After becoming a mother you're rarely alone. My son's favorite place has always been pressed against me at all times.
(I'm not sure how dads get a free solo pass to the bathroom but there has to be some mystery left in the universe.)
Yet, at the same time, motherhood can be extremely isolating.
We no longer live in village communities where extended multi-generational families care for each other. I'm not romanticizing this idea, but as someone whose immediate family lives thousands of miles away, there is a certain appeal.
We feel pressure to bounce back, whether it's into our pre-baby jeans, fitness routine, work schedule, or other obligations.
Yet we have no idea how motherhood will change us. No matter when (or if) we fit back into those jeans, a different person is putting them on. Our lives revolve around different needs and priorities, few of which are our own.
I have over 1,000 friends on Facebook, yet do I really know what's going on in their lives? I talked to a friend recently on Skype and said, "I know all about your kids' sleep schedules, but how are YOU?"
I love all the connections I have on social media to share experiences, yet how deep do those connections go? And what experiences do we actually share?
I'm guilty of this myself.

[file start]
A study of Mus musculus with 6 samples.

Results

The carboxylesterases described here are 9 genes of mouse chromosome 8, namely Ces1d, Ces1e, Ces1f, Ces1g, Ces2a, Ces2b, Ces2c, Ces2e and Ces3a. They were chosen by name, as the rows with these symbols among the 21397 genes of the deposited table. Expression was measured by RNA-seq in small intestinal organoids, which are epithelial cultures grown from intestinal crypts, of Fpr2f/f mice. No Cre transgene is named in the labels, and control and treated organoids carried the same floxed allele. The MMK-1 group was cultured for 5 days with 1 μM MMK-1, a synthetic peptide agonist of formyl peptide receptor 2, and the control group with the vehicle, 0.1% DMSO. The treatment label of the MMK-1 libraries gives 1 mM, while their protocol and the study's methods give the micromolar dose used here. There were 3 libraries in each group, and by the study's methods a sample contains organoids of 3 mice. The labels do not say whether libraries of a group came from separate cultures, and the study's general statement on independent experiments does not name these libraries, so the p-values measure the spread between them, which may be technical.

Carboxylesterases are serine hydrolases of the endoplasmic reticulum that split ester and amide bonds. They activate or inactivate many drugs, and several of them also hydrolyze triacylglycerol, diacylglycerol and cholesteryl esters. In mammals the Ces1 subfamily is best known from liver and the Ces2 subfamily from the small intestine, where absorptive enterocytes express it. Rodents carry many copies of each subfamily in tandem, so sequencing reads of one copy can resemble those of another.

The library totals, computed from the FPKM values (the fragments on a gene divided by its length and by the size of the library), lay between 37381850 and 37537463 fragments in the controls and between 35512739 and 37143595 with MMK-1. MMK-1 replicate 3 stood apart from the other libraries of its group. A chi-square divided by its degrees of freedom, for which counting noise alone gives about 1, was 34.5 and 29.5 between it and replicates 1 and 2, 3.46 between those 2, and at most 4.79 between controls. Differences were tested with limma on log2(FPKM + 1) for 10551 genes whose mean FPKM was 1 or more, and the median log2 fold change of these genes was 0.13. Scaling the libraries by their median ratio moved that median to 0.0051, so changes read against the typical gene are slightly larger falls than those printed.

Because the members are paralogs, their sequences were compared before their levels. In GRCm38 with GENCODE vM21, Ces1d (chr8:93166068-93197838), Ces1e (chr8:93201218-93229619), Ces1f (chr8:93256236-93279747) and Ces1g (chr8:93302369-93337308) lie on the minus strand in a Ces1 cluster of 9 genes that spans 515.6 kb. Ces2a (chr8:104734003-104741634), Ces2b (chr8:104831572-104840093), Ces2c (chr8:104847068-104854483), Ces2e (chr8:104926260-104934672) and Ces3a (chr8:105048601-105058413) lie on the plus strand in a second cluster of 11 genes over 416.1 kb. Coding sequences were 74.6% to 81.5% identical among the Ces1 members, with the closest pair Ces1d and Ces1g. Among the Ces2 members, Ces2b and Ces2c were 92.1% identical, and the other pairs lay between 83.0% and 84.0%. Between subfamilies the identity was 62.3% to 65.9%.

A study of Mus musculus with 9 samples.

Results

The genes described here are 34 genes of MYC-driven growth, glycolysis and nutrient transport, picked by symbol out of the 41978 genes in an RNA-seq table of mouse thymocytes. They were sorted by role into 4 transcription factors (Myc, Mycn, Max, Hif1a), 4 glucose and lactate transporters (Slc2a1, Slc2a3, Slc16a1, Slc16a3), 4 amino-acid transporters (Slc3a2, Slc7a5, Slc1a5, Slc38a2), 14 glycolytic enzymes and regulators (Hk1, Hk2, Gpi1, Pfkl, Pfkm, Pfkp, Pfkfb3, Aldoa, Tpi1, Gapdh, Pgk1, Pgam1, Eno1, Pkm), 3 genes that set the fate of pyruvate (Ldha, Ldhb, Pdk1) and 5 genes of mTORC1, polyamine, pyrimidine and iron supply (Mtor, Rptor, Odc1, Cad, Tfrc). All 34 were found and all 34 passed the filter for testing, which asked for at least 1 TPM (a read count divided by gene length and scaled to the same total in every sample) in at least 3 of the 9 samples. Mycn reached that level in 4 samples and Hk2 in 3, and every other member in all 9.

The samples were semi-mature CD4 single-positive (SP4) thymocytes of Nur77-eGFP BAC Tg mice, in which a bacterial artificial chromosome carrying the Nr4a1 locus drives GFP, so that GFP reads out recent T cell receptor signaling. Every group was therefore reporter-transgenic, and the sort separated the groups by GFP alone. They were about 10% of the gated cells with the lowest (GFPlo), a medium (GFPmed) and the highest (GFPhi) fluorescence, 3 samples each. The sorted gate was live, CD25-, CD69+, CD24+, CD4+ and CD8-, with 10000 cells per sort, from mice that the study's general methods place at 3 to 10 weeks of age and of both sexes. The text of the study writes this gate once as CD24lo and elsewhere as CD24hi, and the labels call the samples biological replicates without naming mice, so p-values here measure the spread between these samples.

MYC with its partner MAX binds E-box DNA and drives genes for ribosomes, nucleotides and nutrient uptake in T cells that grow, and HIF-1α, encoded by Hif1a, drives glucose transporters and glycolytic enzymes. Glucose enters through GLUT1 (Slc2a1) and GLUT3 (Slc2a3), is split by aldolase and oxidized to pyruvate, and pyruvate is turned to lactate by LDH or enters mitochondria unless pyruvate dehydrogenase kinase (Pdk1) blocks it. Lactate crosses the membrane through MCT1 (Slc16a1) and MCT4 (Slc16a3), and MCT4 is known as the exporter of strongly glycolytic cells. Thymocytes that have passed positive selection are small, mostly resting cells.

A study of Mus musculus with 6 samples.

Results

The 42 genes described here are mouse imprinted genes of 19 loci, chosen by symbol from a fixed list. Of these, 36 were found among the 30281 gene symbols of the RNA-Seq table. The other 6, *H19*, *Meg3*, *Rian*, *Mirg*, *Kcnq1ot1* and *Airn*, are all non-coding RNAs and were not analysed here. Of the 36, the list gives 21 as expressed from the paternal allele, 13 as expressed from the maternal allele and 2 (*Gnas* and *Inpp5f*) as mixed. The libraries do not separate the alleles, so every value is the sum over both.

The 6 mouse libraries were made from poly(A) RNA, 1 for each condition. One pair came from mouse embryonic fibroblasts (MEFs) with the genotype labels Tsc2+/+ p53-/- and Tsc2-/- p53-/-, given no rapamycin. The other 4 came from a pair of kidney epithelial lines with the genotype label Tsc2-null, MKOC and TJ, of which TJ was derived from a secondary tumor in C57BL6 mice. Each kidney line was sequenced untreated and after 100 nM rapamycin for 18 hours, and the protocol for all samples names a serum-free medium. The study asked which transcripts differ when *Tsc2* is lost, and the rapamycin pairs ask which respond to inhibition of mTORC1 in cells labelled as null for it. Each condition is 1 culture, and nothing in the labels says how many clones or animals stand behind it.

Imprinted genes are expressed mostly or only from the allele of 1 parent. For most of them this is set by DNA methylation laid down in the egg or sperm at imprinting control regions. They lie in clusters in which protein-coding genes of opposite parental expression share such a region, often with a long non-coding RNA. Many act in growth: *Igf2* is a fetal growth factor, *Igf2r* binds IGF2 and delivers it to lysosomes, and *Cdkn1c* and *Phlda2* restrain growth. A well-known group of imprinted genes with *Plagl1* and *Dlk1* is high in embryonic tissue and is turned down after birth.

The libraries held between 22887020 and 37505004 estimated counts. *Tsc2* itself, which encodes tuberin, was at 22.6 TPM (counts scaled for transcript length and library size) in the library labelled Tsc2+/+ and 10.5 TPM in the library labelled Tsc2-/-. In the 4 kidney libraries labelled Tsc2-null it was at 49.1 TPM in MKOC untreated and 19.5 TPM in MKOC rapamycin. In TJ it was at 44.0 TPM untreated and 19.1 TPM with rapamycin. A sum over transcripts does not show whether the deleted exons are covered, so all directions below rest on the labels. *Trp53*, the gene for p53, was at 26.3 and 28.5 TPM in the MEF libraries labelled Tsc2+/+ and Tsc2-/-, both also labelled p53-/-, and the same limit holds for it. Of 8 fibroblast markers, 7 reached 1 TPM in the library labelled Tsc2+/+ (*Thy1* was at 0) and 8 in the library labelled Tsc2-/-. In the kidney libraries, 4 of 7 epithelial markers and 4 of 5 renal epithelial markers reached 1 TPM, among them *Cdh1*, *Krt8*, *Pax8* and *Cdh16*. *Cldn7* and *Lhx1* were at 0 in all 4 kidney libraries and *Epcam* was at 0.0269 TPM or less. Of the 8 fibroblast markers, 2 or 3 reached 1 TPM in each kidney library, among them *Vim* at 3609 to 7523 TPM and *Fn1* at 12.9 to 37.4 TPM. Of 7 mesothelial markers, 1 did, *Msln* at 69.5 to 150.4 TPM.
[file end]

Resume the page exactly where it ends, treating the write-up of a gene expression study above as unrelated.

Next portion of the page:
Every night I post three "daily positives" on my Facebook wall. They range from moments of gratitude to fun things we did or silver linings I experienced that day. Some days I truly have to dig deep.
Those posts are for ME.
But when other people look at them, they may think everything over here is sunshine and roses all the time.
I don't post about the breakfast my son threw on the floor that I had to clean up, or the potty accident he had, or how he ran out the back door naked while I was trying to clean up the afore(not)mentioned messes. I don't want to dwell on those moments in my own life.
I don't want to constantly read about those moments from others, either, to be honest.
Like I mentioned to a friend, people don't get dogs so they can pick up poop, but that's also part of the deal.
But I know that my posts play into the idea that everything is going well all the time. And that's not true.
After this topic came up multiple times in a week, I organized my first mama circle here in San Diego. I have never led anything like this before and wanted to make sure it worked like I thought it would. It ended with everyone in tears and a group hug. It was amazing.
The most voiced comment? "I thought I was the only one."
You're not the only one.
It's hard to be vulnerable at all, let alone when we're chasing our kids at the park or trying to stop our toddlers from eating food they found on the ground or changing a diaper. It's hard to maintain a complete train of thought when we're parenting, let alone finish a sentence - or truly listen to one. It's hard to truly connect.
Humans are social animals. Even introverts need to be heard and understood.
Mothers Circle is held the second Friday of the month in San Diego. To hear about upcoming circles, or upcoming training to hold your own circles, get updates by email.